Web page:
Oil is the lifeblood of the global economy, but the processes to turn raw crude oil into a refined product are complex and costly. Specifically, refiners of “opportunity crude” face mounting pressure to improve safety and stability, while increasing revenue and decreasing environmental impact. Technology is helping address these concerns with recent advances in data and analytics making it possible to minimize risk and maximize profit.
Crude oil accounts for more than 85 percent of a refiner’s cost structure. Traditional crudes are predictable and refineries know how to process them. They’re also expensive. With today’s volatile oil market, more North American refineries are turning to lower cost opportunity crudes to meet operating margins. Opportunity crudes, such as heavy oil produced from the Canadian oil sands, and light tight oils produced by hydraulic fracturing, are categorized by their inconsistency and the presence of problematic components. They are difficult to process, but discounted in price because of their unpredictable properties and processing challenges. Without a strategy to assess and mitigate such issues, the benefits of using the cheaper crude can quickly erode.
Improved extraction techniques are bringing new sources of oil into production. In the next several years, the percentage of crude oil classified as “opportunity crude” will increase significantly. This will force crude blending to become more aggressive, giving rise to increasing risk for the refineries and instability in the refining operation.
To give you a better sense of the challenges, if you were to look at an image of several different crude truck deliveries to the same refinery on the same day, you’d notice drastically different compositions even though they might be all be labeled “Eagle Ford Crude.” If not correctly managed, these opportunity crudes could cause significant damage to equipment, and lead to plant shutdowns and costly repairs.
Generally, what makes opportunity crudes problematic are constituents inherent to the crude and oil field additives within the crude. For a refiner, a successful strategy for processing opportunity crudes requires identifying probable processing issues and assessing inherent risks associated with running a particular crude or crude blend. With this knowledge, the refiner can better predict processing issues and implement cost-effective mitigation strategies.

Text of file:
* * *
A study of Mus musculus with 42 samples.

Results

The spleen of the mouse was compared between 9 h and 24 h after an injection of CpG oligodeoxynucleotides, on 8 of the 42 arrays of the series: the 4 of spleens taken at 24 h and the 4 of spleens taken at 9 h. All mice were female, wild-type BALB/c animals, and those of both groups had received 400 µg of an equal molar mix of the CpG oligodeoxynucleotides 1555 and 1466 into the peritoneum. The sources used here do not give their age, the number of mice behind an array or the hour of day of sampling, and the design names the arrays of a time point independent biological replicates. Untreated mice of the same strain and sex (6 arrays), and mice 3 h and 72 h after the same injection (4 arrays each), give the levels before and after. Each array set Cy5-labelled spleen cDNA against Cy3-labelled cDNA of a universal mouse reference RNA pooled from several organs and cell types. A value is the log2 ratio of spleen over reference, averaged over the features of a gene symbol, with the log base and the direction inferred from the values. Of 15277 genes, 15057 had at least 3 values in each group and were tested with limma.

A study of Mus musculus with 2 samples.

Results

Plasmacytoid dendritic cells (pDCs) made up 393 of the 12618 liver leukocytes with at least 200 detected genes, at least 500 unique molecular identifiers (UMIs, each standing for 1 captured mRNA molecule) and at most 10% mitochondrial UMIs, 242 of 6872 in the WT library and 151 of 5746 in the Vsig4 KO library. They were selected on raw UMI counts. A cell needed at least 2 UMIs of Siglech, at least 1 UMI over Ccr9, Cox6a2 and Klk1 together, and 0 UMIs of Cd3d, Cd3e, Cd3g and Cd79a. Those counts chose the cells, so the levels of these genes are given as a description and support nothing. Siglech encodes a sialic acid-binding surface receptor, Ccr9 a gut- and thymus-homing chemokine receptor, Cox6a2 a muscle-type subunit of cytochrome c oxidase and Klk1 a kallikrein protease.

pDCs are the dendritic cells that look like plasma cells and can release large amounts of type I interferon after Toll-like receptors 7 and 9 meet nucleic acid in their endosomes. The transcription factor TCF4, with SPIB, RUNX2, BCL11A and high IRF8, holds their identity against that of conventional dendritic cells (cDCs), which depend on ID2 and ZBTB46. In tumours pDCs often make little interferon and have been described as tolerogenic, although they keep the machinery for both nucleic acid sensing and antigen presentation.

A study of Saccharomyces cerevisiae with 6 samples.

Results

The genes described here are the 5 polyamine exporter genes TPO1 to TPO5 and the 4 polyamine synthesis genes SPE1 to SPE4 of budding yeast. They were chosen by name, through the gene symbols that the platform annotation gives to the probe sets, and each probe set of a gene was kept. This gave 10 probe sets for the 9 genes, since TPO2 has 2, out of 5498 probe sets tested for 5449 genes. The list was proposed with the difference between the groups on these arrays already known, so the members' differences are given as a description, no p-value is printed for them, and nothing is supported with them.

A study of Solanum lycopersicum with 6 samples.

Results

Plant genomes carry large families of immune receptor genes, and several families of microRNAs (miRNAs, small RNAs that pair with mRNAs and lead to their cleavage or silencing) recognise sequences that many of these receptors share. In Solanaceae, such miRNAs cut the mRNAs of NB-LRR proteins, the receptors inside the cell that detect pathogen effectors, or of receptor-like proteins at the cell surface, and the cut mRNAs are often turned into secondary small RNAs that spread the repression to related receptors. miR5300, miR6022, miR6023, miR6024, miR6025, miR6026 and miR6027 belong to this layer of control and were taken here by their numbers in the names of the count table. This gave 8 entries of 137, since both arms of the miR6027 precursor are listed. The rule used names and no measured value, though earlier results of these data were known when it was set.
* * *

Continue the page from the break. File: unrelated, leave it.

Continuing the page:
Decoding Data through Fingerprinting
For decades, innovative companies have invested significantly in research to understand the causes of crude and crude blend instability, as well as in the development of chemistries to address these problems. A large part of this effort has focused on creating a new way to expedite analysis of crude characteristics, particularly since traditional methods are very slow and labor-intensive.
Crude fingerprinting is an analytical device measuring properties of the crude, coupled witih sophisticated predictive analytics. Crude fingerprinting offers rapid-response, on-site analysis of crude oils, oil blends and other hydrocarbon fluids. Essentially, crude fingerprinting quickly tests (within five minutes) and identifies crude make-up before it goes into the refining process, helping to ensure the subsequent treatments are appropriately applied.
The Future of Opportunity Crudes
By taking advantage of the price of opportunity crudes and managing the refining process effectively to accommodate the challenges, the refiner expands margins and increases its profitability. To be successful, it is critical to use innovative technology, capturing and analyzing appropriate data for the refinery’s operating team.
Forward-thinking, solutions-driven companies are helping refiners push the operating envelop. Collaborating with chemical suppliers to build predictive models based on the actual properties of individual crudes, can identify issues in advance and allow for rapid response to processing challenges.
Crude fingerprinting is giant leap forward in securing a more sustainable future for the oil and gas industry. It’s everyone’s opportunity.
Tom Stanley is Chief Technology officer, Water & Distributed Power, GE Power.